Fun Time: Too Much Monkeying Around in Delhi
If you’re visiting New Delhi, you may spot dozens of men monkeying around—and not just inside government buildings. You’ll see them in the streets, trying their best to sound like langur monkeys. They’ll make hooting and whooping sounds—the type of noise you might hear at a soccer match—all in an effort to scare off the throngs of smaller macaque monkeys that roam the city.
As reported by the Wall Street Journal, 40 men are being employed by the New Delhi Municipal Council to mimic the langurs, which are natural enemies of the macaques. If you missed the job advertisement, here’s what it said: “Wanted: Men who want to spend their days making monkey sounds. Please do not apply if you have made these sounds on trains or buses to harass women. You must be a professional monkey impersonator, preferably with a degree in langur linguistics. Monkey costume not required.”
It amazes me that the 40 men are able to scare off the macaques using just their voices. Monkeys must not be as smart as I thought. You’d think at least one of them would realize that the langur sounds are coming from humans.
Monkey: “Run! Run! It’s a langur!”
Second monkey: “Where? I don’t see a langur. I just see a human waving his arms.”
First monkey: “We’d better run, just in case. It might be a langur disguised as a human!”
Second monkey: “If that’s a disguise, it’s a really good one. Look, he even has a cigarette in his hand.”
You may be wondering why the men aren’t wearing monkey costumes. Well, they tried that a few years ago, but tourists kept stopping to feed them. “We got tired of shouting, ‘I’m not a monkey,” one man said. “Some of them thought we were talking monkeys and tried to take videos of us. They thought Indian monkeys are the smartest monkeys in the world.”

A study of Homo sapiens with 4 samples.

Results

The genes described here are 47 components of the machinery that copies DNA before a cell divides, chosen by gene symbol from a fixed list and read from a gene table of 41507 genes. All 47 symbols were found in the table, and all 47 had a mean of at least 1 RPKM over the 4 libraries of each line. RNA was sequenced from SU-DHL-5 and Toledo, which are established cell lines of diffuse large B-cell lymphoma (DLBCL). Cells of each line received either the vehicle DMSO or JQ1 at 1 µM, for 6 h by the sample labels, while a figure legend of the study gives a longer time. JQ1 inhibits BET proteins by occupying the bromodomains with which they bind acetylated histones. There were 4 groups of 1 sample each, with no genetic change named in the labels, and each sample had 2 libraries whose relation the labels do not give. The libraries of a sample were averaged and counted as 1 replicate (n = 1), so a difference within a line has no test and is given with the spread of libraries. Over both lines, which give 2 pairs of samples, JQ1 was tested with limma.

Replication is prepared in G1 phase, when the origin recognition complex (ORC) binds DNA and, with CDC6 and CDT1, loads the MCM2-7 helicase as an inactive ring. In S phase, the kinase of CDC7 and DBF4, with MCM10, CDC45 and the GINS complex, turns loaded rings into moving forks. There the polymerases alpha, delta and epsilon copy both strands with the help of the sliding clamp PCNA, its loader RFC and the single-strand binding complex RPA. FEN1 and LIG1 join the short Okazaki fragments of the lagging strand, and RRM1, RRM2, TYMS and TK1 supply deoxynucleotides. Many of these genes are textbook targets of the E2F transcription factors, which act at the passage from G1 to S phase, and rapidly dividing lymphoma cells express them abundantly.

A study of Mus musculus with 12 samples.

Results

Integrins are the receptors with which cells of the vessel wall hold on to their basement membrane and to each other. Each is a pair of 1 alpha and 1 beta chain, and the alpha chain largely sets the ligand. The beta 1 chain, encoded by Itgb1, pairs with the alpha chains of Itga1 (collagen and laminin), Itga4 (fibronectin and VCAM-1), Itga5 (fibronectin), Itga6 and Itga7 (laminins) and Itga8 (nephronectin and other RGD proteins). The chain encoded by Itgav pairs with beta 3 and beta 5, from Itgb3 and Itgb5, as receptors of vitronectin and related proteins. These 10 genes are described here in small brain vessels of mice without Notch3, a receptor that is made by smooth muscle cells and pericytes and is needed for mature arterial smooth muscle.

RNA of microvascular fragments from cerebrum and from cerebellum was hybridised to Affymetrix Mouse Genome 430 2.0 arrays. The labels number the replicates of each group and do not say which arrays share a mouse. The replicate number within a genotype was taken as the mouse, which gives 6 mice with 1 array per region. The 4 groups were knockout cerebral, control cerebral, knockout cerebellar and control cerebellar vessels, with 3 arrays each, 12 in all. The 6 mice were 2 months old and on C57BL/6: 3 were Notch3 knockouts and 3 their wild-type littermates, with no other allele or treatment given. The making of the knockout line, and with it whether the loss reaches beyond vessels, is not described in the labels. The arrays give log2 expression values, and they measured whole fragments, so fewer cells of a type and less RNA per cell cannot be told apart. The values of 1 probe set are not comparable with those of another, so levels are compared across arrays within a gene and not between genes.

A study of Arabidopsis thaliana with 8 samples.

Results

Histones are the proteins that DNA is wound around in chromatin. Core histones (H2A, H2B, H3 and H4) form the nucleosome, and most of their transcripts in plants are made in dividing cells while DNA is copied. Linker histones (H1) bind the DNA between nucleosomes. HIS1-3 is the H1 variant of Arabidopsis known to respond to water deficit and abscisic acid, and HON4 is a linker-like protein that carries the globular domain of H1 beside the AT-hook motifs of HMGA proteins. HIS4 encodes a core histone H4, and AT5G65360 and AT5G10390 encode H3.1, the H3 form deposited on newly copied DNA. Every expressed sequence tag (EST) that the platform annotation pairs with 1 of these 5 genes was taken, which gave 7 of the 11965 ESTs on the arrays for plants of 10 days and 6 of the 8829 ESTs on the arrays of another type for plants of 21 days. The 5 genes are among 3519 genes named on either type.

Added another man: “We wouldn’t have minded all the attention from tourists if they had fed us some tasty food, but they kept throwing scraps at us. After a while, I started throwing it back and they didn’t like that. ‘Ungrateful monkey,’ one of them shouted, almost sounding like my mother.”
Until a year or two ago, it was common to see men using real langurs to scare the macaques, leading the langurs around on leashes like pet dogs. But the government started enforcing the Wildlife Protection Act, which protects langurs from being owned, sold, employed, or elected to higher office. The langurs had to be freed (or at least kept at home), but not before teaching their owners the basics of langur communication.
It may seem strange to see men on the street mimicking langurs, but you have to give credit to the New Delhi Municipal Council for attempting to do something about the monkey problem. Monkeys cause more trouble in Delhi than any other animal that doesn’t know how to drive.
At their worst, they bite people, sometimes causing serious injuries. Many of them are also members of the Monkey Crime Syndicate, specializing in burglary and theft. They break into homes and take food or other items, or even grab food right out of people’s hands. Some of them, perhaps working for the cable company, have even been known to break satellite dishes.
The authorities have tried capturing the monkeys and putting them in a sanctuary, but the monkeys easily escape and return to their old stomping grounds. When they hear the sounds of a langur, whether it’s a real langur or a langur in a human costume, they run for cover, only to return a short while later.
Monkey: “Oh good, the langur is gone. The city is ours again.”
Second monkey: “I’m hungry. Let’s find some tourists.”
First monkey: “Okay, but try to be nice to them this time. Don’t bite the hand that feeds you.”
Second monkey: “Sure, no problem. I’ll just bite the other hand.”